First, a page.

How This Millennial Is Building An Influential Media Empire

In the online startup world, it's tough to build a brand, amass millions of users and stand out among all the competition. But it's even tougher if you are making some of the easy-to-fix mistakes outlined in this post.

I recently sat down with Brian D. Evans, Inc. 500 entrepreneur, millennial and founder of Influencive. Brian has gone against the grain with Influencive and built an online media brand that reaches over 5 million people a week. He is helping some of the world's coolest mobile apps, such as Brabble, drive millions of users while at the same time creating an epic following for himself.


Evans has stayed behind the scenes for over 15 years, but in the last three years decided to grow his personal brand, leading him to build one of the fastest growing privately held marketing and advertising companies in America, Inc. Magazine.

Here are the things I learned from Evans that will help anyone grow a brand, build a stronger network and attract a massive user base for their product.

Never Abuse Your Network

The norm is to welcome all introductions. But the problem is, as your network and influence grow you start to amass thousands and thousands of contacts. Now what?

Some of these contacts will abuse your openness and "introduce" you to all sorts of people without asking. Your inboxes will be inundated with what essentially amounts to spam.

Evans says that he has learned never to send blind "intros" to his network.

As a result, the people that only send intros after asking become more influential themselves. Their network learns that they only send highly targeted intros after asking, rather than spamming their network with untargeted, unwanted intros.

Build Your Brand Through Association

Association is one of the best ways to build your brand with actual authority behind it. Take Oprah: she had a who's who list of A-list actors, celebrities, authors and massively influential people on her show for years.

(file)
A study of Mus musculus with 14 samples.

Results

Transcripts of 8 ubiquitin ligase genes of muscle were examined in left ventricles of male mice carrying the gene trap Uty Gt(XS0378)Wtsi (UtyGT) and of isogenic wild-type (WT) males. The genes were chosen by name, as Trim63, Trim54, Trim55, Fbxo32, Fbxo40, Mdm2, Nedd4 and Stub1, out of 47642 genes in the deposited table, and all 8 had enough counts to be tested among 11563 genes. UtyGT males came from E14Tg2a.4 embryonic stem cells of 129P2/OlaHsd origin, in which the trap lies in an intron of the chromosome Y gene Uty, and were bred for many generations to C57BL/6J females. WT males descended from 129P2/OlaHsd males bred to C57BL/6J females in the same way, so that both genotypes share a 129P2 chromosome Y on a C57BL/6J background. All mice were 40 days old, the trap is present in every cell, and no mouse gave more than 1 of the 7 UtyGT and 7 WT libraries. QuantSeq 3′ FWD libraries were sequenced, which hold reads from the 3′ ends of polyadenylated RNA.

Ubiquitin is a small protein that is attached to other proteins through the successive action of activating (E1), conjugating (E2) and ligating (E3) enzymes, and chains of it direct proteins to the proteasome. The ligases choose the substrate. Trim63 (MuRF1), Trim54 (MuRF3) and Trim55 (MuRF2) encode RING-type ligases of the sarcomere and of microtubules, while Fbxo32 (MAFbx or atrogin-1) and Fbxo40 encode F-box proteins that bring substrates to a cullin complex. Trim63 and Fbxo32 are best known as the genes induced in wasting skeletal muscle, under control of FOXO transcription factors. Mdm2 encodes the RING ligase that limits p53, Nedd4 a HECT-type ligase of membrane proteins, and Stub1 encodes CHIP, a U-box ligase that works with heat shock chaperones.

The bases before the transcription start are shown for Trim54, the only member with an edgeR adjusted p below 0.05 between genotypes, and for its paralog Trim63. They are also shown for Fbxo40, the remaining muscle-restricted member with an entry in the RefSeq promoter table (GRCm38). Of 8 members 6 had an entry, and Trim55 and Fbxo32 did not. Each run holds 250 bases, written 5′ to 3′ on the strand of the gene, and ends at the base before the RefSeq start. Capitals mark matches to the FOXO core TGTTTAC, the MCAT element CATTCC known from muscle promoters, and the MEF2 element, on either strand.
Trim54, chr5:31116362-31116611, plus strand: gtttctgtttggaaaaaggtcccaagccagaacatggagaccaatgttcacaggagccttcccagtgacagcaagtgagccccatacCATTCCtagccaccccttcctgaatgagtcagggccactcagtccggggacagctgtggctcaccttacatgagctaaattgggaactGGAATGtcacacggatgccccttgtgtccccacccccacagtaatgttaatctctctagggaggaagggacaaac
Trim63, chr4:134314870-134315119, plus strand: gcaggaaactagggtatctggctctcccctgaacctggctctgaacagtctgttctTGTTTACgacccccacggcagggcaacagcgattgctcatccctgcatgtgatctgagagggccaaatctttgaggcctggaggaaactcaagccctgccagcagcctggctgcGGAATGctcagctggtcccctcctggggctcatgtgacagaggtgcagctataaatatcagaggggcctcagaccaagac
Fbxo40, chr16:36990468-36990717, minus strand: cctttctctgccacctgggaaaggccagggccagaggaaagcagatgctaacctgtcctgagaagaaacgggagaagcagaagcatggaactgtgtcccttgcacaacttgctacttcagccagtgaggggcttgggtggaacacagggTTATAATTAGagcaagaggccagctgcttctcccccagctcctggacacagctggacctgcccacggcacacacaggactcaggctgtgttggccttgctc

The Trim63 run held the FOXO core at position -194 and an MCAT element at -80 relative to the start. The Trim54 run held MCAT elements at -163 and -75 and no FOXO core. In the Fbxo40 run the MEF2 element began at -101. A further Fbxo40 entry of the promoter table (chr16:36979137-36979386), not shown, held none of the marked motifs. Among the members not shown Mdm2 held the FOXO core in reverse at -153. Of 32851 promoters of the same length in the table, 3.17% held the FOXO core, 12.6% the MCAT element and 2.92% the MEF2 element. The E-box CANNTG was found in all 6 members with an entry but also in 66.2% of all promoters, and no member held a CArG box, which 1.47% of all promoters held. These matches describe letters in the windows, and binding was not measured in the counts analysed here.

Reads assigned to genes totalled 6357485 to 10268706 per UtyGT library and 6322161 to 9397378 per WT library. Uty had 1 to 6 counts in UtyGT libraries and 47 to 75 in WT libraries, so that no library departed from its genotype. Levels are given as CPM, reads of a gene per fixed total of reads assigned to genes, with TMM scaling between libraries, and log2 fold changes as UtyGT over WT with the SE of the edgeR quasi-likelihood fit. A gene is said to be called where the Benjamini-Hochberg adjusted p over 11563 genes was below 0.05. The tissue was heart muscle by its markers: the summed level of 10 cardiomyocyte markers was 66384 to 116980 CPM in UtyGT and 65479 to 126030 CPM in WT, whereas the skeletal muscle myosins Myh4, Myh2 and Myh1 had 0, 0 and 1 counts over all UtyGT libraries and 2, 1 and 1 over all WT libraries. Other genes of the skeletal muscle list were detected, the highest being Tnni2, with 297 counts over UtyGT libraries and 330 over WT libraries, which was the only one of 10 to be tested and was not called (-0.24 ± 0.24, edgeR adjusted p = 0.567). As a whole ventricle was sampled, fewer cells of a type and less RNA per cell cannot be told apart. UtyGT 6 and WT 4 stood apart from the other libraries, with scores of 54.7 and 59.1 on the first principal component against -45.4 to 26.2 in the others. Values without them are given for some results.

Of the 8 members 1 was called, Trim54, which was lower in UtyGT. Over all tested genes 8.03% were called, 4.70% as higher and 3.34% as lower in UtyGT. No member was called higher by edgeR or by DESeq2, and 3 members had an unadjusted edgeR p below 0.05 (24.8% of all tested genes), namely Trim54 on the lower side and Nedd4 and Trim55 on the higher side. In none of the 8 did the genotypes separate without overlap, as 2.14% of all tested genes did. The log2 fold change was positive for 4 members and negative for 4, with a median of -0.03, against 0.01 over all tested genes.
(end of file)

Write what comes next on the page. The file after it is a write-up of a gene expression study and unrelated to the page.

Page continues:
Another example is popular lifestyle entrepreneur Lewis Howes. He is out there podcasting and interviewing some of the most influential people in the world, which associates him with that level of influence and thus takes his brand to a new, higher level.

"You don't have to do something as elaborate as a podcast to grow your brand. You can open your own blog, a video blog on YouTube or SnapChat, write a LinkedIn post, open a Tumblr, post on Quora or Reddit, or post all forms of media on Brabble," says Evans.

If writing is not your forte but you have a product, you could invite brand ambassadors to use your product or app. Choose those who have built a following that you and your company want to be associated with.

It doesn't matter how you associate, as long as you do. And remember, association is not limited to people; you can associate with brands, trending topics, causes and more.

A Strong Network Is Better Than Millions in Funding

Evans has self-funded the majority of his projects. He was able to tap into a strong network of motivated people (including Clinton Senkow and Sami Rusani) who also wanted to share their message with the world.

"Don't get me wrong; funding is not a bad thing. You just have to be strategic about when or if you take it. I like to take funding for growth, rather than for a brand-new idea of mine. It means I get a better deal," says Evans.

He has brought together an army of 30+ influential millennial entrepreneurs, top writers, TEDx speakers and award-winning entrepreneurs to represent Influencive. It is now one of the fastest growing online publications for millennial entrepreneurs.

Authenticity Is Crucial

"Millennials and Gen Z crave authenticity," says Evans.

He points out that a lot of sites don't know how to have a conversation with millennials or Gen Z, because the people running those sites aren't in those age groups. He says that his generation craves authenticity, and they can see through "fake" a mile away.

Evans and his army of influencers are making their own content, promoting it to their network and dominating the social media world. But more importantly, readers are genuinely connecting with their followers and their content.

"The human touch is so important. I respond to everyone personally that leaves a comment. It might not be instantly, but I don't automate or hire out to engage personally with my readers," says Evans.

Influencive is quickly becoming a major player in the online media space, reaching over 5 million people a week on social media alone.